ABOUT THE AUTHOR:
She received her first book contract in November, 1992 and saw A Place To Belong published in February 1993 with Barbour Publishings’ Heartsong Presents. She wrote exclusively with Heartsong for the next two years, receiving their readership’s vote for Favorite Author of the Year for three years in a row.
In December, 1995 she signed a contract with Bethany House Publishers to co-write a series with author Judith Pella. Tracie now writes exclusively for Bethany House Publishers.
She teaches writing workshops at a variety of conferences on subjects such as inspirational romance and historical research.
Tracie was awarded the Romantic Times Career Achievement Award for 2007 Inspirational Fiction and her books have won numerous awards for favorite books in a variety of contests.
Making her home in Montana, this Kansas native enjoys spending time with family–especially her three grandchildren–Rainy, Fox and Max. She’s active in her church as the Director of Women’s Ministries, coordinates a yearly writer’s retreat for published authors, and travels, as time permits, to research her books
ABOUT THE BOOK:
A more devastating blow occurs, however, when Christopher breaks off their relationship to return home to his troubled family. Despite her own love life going awry, Deborah is still intent to be a matchmaker for both her widowed mother and her brother, who has caught the eye of the spit-fire daughter of the local pastor.
But what will Deborah do when faced with the truth about Christopher’s family? Is there hope for the two of them…or will Jake Wyeth’s attentions finally catch Deborah’s eye instead?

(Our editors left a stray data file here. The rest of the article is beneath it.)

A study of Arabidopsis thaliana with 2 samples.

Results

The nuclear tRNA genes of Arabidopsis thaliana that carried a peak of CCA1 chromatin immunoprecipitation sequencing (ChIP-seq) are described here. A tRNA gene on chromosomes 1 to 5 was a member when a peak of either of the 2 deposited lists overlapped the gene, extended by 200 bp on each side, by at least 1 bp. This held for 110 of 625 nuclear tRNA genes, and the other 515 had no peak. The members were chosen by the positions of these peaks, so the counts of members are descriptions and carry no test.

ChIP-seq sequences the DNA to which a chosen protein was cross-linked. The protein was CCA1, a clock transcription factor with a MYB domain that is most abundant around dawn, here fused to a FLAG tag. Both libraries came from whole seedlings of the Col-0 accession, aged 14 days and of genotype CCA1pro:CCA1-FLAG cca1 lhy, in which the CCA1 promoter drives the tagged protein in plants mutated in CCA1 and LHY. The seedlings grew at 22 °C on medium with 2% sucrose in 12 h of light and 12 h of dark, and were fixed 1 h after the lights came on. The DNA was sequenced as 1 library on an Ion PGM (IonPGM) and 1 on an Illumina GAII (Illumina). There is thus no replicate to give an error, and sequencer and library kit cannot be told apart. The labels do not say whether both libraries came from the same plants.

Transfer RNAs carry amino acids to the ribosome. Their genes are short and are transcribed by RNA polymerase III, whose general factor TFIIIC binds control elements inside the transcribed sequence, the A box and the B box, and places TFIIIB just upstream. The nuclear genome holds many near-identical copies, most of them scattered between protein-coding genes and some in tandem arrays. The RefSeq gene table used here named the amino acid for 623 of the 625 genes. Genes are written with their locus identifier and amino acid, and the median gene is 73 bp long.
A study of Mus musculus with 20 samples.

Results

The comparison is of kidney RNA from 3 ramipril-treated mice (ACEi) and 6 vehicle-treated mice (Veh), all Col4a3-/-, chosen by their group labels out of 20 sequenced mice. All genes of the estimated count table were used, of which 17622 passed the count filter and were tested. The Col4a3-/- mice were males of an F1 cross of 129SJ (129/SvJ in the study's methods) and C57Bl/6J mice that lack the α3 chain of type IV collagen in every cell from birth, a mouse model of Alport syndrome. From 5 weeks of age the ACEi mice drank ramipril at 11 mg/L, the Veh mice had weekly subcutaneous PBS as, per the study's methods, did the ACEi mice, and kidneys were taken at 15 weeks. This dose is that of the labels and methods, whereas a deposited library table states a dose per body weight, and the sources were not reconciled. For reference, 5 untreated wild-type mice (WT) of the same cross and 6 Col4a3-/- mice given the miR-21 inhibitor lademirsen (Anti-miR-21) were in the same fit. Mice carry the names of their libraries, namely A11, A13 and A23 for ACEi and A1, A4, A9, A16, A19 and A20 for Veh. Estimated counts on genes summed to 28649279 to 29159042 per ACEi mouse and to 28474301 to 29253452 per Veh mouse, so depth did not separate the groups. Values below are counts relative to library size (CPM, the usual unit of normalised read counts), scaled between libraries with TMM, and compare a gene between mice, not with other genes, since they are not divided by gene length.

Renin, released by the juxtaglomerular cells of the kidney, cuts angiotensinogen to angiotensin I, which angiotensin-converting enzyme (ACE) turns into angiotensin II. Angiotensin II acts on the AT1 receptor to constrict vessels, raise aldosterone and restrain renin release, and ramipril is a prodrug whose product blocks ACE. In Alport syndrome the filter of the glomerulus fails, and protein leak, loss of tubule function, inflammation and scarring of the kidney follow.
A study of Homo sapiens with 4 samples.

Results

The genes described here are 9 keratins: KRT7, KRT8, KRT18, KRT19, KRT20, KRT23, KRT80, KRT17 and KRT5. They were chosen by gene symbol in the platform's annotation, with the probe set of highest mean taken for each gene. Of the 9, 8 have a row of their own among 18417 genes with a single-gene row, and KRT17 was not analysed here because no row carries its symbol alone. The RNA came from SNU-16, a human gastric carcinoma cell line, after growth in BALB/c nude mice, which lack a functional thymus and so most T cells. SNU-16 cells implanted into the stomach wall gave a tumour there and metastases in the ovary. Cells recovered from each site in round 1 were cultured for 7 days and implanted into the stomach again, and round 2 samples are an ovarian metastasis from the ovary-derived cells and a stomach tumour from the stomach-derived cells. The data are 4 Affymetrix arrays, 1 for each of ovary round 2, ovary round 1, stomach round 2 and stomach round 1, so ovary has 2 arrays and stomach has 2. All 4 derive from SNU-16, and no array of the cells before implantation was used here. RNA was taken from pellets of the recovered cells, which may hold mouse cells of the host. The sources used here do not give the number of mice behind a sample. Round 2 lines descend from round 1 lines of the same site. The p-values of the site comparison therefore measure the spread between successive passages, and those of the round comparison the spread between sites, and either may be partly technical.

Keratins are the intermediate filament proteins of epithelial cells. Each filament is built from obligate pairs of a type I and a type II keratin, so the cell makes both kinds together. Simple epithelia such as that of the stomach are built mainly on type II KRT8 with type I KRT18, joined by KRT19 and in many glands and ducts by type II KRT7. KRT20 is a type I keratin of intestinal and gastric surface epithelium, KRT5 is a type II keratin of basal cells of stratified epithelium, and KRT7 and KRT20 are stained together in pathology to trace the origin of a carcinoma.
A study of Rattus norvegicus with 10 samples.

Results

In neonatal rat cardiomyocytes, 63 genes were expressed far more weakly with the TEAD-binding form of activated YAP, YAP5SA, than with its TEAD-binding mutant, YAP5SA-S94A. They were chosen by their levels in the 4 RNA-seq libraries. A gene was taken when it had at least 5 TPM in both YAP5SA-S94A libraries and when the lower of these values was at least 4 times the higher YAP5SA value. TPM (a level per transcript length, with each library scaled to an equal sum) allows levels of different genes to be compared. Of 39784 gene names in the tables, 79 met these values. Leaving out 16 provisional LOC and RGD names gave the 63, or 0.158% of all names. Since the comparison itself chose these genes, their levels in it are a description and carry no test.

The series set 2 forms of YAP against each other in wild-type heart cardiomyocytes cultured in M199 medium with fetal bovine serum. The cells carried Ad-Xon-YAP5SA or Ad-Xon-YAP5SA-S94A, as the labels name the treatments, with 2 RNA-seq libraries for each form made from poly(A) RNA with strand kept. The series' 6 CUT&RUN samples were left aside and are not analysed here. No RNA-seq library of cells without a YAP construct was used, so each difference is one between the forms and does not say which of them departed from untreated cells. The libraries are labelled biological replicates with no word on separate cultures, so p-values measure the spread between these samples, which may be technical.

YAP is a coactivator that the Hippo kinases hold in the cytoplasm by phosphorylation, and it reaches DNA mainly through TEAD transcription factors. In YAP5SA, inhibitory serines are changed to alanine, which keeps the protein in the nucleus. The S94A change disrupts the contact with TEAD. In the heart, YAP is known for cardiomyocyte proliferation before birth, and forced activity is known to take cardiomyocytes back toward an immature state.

As a long-time fan of Tracie Peterson, I was surprised to find that I had difficulty getting into her most recent release. Hearts Aglow started with plenty of action and drama that quickly came to a standstill. At that point the narrative began to focus primarily on everyday activities in the lives of its characters and the romance between Deborah and Dr. Clayton. The romance was pretty ho-hum in my opinion and with a few minor exceptions, the action never really picked up again.
Peterson does manage to convey quite a bit of historical information. To me the highlight of the book was the excellent sermon given by Pastor Shattuck regarding racial issues. Hearts Aglow contains some drama, a bit of humor, several tepid romantic scenes, and some spiritual lessons. Unfortunately, I never really cared what happened to most of the characters. From my perspective, Hearts Aglow does not quite meet the usual standards I expect from a Tracie Peterson novel. Nevertheless, it is an enjoyable story as long as it is not compared with some of Peterson’s earlier excellent novels.